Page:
Tongues are languages of God (or the "angels") and languages of people (1 Cor 13.1). We have seen both of these in the Bible, particularly in the book of Acts.
The first brief mention of tongues in the New Testament was by Jesus before He ascended back to heaven after His resurrection (Mark 16.17). He said that one of the signs following believers (in Him) would be speaking in "new tongues." This came to pass on the day of Pentecost when Holy Spirit descended on Jesus' followers with the sound of "a rushing mighty wind" and a manifestation of tongues "as of fire" on each of them. And then it happened, "...they were all filled with the Holy Spirit and began to speak with other tongues, as the Spirit gave them utterance" (Acts 2.4).
This phenomena perplexed and interested the people around and soon a crowd had gathered. There were many foreigners in the area and they were shocked and said, "Look, are not all these who speak Galileans? And how is it that we hear, each in our own language in which we were born?" (Acts 2.7-8). These simple, mostly uneducated Galilean followers of Jesus were speaking languages which they did not know by the power of the Spirit! This opened up an incredible opportunity for them to share Jesus' message of the Kingdom of God with the crowd.
This supernatural experience of people speaking by the power of the Spirit in human languages unknown to them has continued on since then. Today in church settings where people speak openly in tongues, there are countless stories of foreign visitors who were surprised and excited to find that some people were praying and worshiping in their native language. Also, in sharing the gospel many have come to find after having shared with a person that in fact they had been speaking in another language unknown to them. They had thought they were speaking English (or whatever their language was) but the words coming out were in the hearer's language!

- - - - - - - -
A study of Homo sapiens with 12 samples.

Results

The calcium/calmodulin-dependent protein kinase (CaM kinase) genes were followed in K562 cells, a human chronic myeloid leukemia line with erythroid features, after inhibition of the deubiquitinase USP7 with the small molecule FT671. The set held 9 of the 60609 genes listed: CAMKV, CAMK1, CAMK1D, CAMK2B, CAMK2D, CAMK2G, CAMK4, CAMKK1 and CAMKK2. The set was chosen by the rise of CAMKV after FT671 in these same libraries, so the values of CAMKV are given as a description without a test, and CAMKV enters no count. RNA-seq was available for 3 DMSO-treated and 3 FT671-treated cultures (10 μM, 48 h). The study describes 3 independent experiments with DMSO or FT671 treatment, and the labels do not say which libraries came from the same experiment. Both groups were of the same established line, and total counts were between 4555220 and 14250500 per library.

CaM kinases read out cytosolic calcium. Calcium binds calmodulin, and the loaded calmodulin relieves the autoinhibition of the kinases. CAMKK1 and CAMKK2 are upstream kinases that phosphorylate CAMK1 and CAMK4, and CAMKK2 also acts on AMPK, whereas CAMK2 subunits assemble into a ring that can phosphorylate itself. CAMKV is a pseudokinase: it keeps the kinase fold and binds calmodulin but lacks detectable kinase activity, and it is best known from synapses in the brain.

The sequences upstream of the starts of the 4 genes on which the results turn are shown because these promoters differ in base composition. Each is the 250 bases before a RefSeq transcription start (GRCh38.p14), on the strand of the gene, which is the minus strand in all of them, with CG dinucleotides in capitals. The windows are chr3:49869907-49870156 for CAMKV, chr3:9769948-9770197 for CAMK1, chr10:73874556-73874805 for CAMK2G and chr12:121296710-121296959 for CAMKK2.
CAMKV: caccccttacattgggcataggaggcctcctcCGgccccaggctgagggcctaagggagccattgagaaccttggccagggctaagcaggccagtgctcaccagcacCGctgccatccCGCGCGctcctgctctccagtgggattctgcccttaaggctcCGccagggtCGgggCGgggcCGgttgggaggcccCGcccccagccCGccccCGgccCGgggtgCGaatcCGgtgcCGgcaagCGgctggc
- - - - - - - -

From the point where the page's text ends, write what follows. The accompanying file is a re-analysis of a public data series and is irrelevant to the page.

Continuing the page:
That was the first kind of tongues. The second kind of speaking in tongues is prayer in a heavenly language. The apostle Paul described this by saying, "...he who speaks in a tongue does not speak to men but to God, for no one understands him; however, in the spirit he speaks mysteries" (1 Cor 14.2). The Bible never says what the language itself sounds like, but we see people who spoke in this way (Acts 10.46, 19.6). It is a language of prayer and worship. While the human form of tongues is often used in evangelism settings, this form is exceedingly personal and exists for personal edification (1 Cor 14.4). It is deep communion with God. I would describe it as cracking yourself open and letting your entire person be possessed by the Spirit of God. It is an incredible experience and in the book of Acts it always followed the salvation experience, though not always immediately. In my case, there were twenty years between my salvation and when I began praying and worshiping in tongues!
The gift of tongues can open up prayer to a person like never before. While prayer might have been done a few minutes at a time here and there, when you pray in tongues it is easy to go for hours praying and worshiping! This gift bypasses your mind and creates a direct connection between your spirit and body which allows you to speak apart from your mind. While it is an incredible time of prayer, it can also be an incredible time of thinking and meditating because your mind is disconnected from your body and completely free.
This gift is doubtless the most misunderstood and divisive of the gifts, even though it is portrayed in the Bible as a primary gift. It is not uncommon for those who don't understand to see someone practicing the gift and respond much like some on that day of Pentecost who assumed the disciples were drunk (Acts 2.13). But that does not change the fact that it was and is a wonderful gift which the apostle Paul wished for all believers to receive (1 Cor 14.5).